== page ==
1. Gilead, by Marilynne Robinson, and 2. Home, its companion novel. Gilead literally changed my life, my understanding of what it means to be a minister, and what it means to be a child of God. If I had a thousand years to do nothing but write, my best sentence could never approach the weakest sentence in Gilead, yet I am not jealous at all of Robinson's gift. Every word seems like a gift to the reader. Home gives a different sense of depth and dimension to the characters who became so beloved to me when I read Gilead, yet it is a very different sort of book. Its ending preserves the ambiguity of Gilead's ending perfectly, yet is complete on its own. I continue to return to so many passages in these books, scenes or phrases that move me to tears or invite me into the mystery of Christian faith. My dear friend JBB in Washington State wondered how a writer could understand what it means to be a minister, how she could really get it .... and after meeting Marilynne Robinson, I saw why. She is attentive, reflective, deeply faithful to her craft and to Christianity, and she is just radically open to the creative Spirit in an almost mystical way (though she would certainly cringe at such a comparison).
3. Song of Solomon, by Toni Morrison. I read this in high school, and I think it was just a matter of "right book at the right time." It helped me to think about a life very different from my own (of African-Americans, of people of a higher class than my own, of the diverse ways racism affects people, of how friendships change and evolve, etc.). I suppose it may be classified as "magical realism" but it was really just deep and powerful for me.
4. Lamb: The Gospel According to Biff, Christ's Childhood Pal, by Christopher Moore. Look, all I can say about this book is that if you've read it, you probably get it. If you haven't read it, and you can poke a little fun at your faith without utter irreverence, you probably should get it.
5. The Crucible, by Arthur Miller. A terrific allegory that is true in its own story (17th century witch hunts in Puritan New England) as well as in what it allegorizes (1950s McCarthy witch-hunts). Though Backbencher disagrees, I find it pitch-perfect. And it is about my people - the Puritans. I confess that though the window may be rapidly closing (if not having already closed), I have never yearned to play a character onstage more than I wanted to play Abigail Williams.
6. The Bible. Need I explain this one?
7. Waiting for Godot by Samuel Becket. Well, I was a theatre major in college, so it shouldn't surprise you that a couple of plays made it on here. This play, and Sartre's No Exit were my introduction to existentialism. While I kind of reject it as my own personal philosophy, I was challenged and intrigued by the ideas expressed in these works. Overall I think I'm just too optimistic for existentialism, but I wouldn't have known that if I hadn't read (and thoroughly enjoyed) these plays.
8. The Little Prince, by Antoine de Saint-Exupery. God, if ever there was a morality book for children, this would be it! The sheep (lamb?), the flower, the fox .... oh, I get all weepy just thinking about it.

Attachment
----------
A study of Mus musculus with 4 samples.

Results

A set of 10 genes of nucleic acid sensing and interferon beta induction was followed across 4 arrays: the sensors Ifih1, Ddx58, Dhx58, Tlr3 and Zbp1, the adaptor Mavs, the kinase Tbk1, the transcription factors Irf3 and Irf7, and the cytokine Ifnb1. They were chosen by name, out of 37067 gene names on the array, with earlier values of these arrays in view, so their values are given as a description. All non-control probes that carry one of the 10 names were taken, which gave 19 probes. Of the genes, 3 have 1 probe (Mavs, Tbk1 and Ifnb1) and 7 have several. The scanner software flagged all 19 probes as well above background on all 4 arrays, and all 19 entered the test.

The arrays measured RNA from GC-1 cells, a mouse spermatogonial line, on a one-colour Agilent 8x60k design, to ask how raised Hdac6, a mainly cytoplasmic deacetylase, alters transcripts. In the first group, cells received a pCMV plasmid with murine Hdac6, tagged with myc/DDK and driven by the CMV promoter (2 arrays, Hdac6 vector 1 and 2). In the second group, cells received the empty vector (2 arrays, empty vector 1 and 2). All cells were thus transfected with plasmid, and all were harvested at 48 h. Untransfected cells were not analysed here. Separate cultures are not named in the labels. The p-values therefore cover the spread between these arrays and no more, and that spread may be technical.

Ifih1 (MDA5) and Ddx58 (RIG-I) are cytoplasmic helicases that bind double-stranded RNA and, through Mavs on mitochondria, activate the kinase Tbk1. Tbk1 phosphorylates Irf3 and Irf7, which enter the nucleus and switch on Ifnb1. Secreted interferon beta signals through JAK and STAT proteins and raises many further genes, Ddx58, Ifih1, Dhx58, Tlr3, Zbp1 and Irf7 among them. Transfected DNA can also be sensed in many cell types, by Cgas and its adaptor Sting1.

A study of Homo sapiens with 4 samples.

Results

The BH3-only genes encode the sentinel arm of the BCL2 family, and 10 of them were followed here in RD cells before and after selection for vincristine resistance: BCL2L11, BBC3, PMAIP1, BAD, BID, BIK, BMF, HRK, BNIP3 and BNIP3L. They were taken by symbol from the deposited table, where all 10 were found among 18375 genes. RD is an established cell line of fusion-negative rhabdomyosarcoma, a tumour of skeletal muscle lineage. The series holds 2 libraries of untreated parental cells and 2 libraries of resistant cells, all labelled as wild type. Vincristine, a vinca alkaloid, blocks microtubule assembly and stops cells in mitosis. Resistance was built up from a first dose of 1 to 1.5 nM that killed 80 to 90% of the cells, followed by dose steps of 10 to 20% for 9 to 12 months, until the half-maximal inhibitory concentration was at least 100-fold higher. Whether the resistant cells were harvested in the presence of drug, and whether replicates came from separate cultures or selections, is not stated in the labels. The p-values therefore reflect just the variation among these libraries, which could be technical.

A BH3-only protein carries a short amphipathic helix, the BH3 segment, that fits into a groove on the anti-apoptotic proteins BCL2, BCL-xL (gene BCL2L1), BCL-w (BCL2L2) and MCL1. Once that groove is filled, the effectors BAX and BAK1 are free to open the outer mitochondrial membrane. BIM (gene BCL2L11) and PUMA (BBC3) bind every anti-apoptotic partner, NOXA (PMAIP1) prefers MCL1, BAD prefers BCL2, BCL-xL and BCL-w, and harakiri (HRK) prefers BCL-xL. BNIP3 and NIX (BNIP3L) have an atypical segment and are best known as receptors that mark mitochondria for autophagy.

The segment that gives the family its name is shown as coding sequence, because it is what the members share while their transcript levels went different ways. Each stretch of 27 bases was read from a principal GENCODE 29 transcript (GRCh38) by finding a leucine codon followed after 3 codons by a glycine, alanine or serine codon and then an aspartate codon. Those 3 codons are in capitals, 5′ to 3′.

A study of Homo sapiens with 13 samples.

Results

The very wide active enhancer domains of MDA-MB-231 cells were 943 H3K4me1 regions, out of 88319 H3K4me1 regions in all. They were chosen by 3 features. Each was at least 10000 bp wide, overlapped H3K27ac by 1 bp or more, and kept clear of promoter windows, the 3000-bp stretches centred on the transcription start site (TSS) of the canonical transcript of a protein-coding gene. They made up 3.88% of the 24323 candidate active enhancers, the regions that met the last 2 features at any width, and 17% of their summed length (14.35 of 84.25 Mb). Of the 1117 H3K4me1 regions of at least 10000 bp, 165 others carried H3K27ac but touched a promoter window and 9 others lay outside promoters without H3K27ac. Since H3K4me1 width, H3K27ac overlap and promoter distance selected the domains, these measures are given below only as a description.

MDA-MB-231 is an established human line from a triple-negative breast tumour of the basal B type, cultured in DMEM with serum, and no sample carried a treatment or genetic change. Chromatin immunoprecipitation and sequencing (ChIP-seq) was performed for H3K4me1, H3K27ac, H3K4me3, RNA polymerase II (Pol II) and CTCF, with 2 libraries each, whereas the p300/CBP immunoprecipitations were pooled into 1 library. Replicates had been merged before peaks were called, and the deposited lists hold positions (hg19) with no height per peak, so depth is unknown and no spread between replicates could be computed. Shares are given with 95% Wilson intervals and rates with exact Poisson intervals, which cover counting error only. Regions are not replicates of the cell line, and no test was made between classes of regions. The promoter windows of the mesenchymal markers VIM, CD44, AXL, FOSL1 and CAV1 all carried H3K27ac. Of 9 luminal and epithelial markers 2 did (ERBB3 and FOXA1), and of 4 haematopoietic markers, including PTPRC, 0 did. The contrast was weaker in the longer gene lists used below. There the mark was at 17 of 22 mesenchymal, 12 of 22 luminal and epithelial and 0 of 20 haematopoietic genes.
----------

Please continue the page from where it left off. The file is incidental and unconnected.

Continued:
9. Oh, the Places You'll Go, by Dr. Seuss. Not because read it at high school graduation (we did not), but because it was read to me as a camper in my final years at camp, and because we read it to our campers as they were leaving camp. He's artful, that Dr. Seuss.
10. Pedagogy of the Oppressed, by Paulo Freiere (I've also seen it Freire). Talk about conscientization! This whole book was about opening my eyes to see the world differently. I'm not sure how I can explain the ways this book has challenged so much of what I was taught (and taught to teach), but perhaps two examples may suffice (apologies to any church folk who've heard this story before). One: students' brains are not banks into which teachers make deposits and can ask for withdrawals, and treating them that way, whether they are kindergartners, graduate students, or ESL students, demeans their humanity.
Two: when I was a kid growing up in wine country, California, I often saw Mexican men (and they were from Mexico, and they were always men) gathered on street corners in the morning, usually in work clothes. Like many other people, I made some assumptions that perhaps these men were kind of lazy or shiftless. Why weren't they at work? Why were they just standing around while all these other people were on their way to work? Not until I read Pedagogy of the Oppressed and took New Testament with Louise Schottroff did I realize that these men were waiting to be hired for the day by employers in trucks. In retrospect, it is so obvious as to be painful to admit my own racism and ignorance.
I also believe that the Harry Potter series reflects a rather orthodox and faithful Christian witness, with lots of good morals besides. But you already knew I was a fan, right?
I'm sure I'll be adding to this list, but why don't you post a couple of your favorite books in the comments section? I LOVE talking about books!